Not meaning to be a wilting tulip here but blogger is still in anti-poetry mode, and the Moment has now passed. I discovered that the squashed version of the poem thing I meant to put up and then deleted is still on Googlereader. Wha'evah!
So where was I? I am on the edge of this amazing, ancient forest that becomes intense at this time of year, breathing the spring at you like some fine and fragrant lover so you could almost lose yourself in it and if you didn't have M.E. then you really might just do that. Even with M.E., even from the window or walking a short distance - it's good. The postvirals keep piling up in one though, and Mr. Signs has been under the weather. So it still feels as though one is waiting for the winter to go, for the year to begin. But I have, so to speak, been preparing the ground and adding to my new opus, bit by bit, keeping it alive-alive-oh - much easier this time, as the roots are autobiographical. I have ordered a long out-of-print German children's story from Abebooks (Deutschland) and am excited about this for the substance of it is in what I am writing and I haven't seen it since I was about seven years old. The book must have got lost in one of our many moves but I carried it in my consciousness along with the other important stories, the fairy tales.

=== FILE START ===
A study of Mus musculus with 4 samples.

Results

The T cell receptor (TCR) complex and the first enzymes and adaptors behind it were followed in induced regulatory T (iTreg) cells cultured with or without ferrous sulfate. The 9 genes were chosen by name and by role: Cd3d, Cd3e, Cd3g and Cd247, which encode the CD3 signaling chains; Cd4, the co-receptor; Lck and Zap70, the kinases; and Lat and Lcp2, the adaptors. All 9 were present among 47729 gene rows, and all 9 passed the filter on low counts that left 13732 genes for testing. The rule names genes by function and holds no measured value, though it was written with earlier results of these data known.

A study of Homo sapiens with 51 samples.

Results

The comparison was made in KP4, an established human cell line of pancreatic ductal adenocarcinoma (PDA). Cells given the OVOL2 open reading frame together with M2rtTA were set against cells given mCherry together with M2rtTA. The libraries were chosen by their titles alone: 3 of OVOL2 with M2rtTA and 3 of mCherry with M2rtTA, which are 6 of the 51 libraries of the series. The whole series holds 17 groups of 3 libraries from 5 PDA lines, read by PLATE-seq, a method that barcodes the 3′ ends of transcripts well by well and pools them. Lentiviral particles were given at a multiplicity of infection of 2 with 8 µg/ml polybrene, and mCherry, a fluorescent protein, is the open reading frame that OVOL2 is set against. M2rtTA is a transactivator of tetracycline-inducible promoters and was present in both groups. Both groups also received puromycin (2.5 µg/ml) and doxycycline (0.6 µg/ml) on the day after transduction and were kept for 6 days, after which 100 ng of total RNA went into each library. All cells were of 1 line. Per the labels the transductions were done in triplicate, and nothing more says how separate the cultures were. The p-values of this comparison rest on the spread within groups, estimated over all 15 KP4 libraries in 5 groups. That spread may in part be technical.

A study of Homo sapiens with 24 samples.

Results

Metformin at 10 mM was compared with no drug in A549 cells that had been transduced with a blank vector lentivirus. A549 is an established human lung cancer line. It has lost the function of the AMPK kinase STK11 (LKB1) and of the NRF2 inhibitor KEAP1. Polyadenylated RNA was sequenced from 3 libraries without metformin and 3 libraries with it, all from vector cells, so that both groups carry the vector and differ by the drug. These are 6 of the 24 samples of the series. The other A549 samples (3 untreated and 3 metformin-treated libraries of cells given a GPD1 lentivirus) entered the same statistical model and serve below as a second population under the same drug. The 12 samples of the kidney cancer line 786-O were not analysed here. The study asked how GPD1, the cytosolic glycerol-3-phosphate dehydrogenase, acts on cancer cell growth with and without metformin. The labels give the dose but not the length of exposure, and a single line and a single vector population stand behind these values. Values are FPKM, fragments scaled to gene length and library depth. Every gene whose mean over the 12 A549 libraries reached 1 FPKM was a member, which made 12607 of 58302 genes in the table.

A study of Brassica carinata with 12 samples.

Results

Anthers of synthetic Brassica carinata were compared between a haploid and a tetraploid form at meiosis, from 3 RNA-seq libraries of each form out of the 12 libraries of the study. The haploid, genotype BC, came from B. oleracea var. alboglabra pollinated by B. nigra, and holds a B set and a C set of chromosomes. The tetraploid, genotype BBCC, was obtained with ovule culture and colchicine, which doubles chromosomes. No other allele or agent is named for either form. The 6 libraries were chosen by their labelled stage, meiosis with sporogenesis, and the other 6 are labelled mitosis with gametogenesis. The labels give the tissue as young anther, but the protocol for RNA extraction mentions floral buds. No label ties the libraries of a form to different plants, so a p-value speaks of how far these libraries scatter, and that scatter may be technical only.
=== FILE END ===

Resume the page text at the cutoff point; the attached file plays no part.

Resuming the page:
De-cluttering is still on the agenda, and probably should be hereafter, as a matter of routine, because I feel the difference. Objects have a forcefield of energy around them and take up psychic space. Plans are in place for the (modest, perforce) re-organisation of Signs Cottage. For the time being I am perching myself with notebooks (no computer) in Son's room, he only using it occasionally as he lives in London now. I am near to the sky and look over treetops. It is not only outer space that must be organised and claimed - inner space too needs this attention.
I saw the liver specialist this morning, following the most auspicious of blood test results - the meds are working, PBC under control, no liver transplant on the horizon. But we can't, he shrugs, do anything about the fatigue. Some people have transplants for that reason alone, but of course in your case - . Need we say more? Not that he knows much about M.E., looks baffled at the idea that autoimmune disease may be connected and, really, I cannot be arsed to enlighten him, nor would he be interested. There is a coffee machine in the waiting area, I press the button that says Mocha, help myself to a biscuit, make an appointment at the desk to come back next year. Done and dusted, like one's shelves.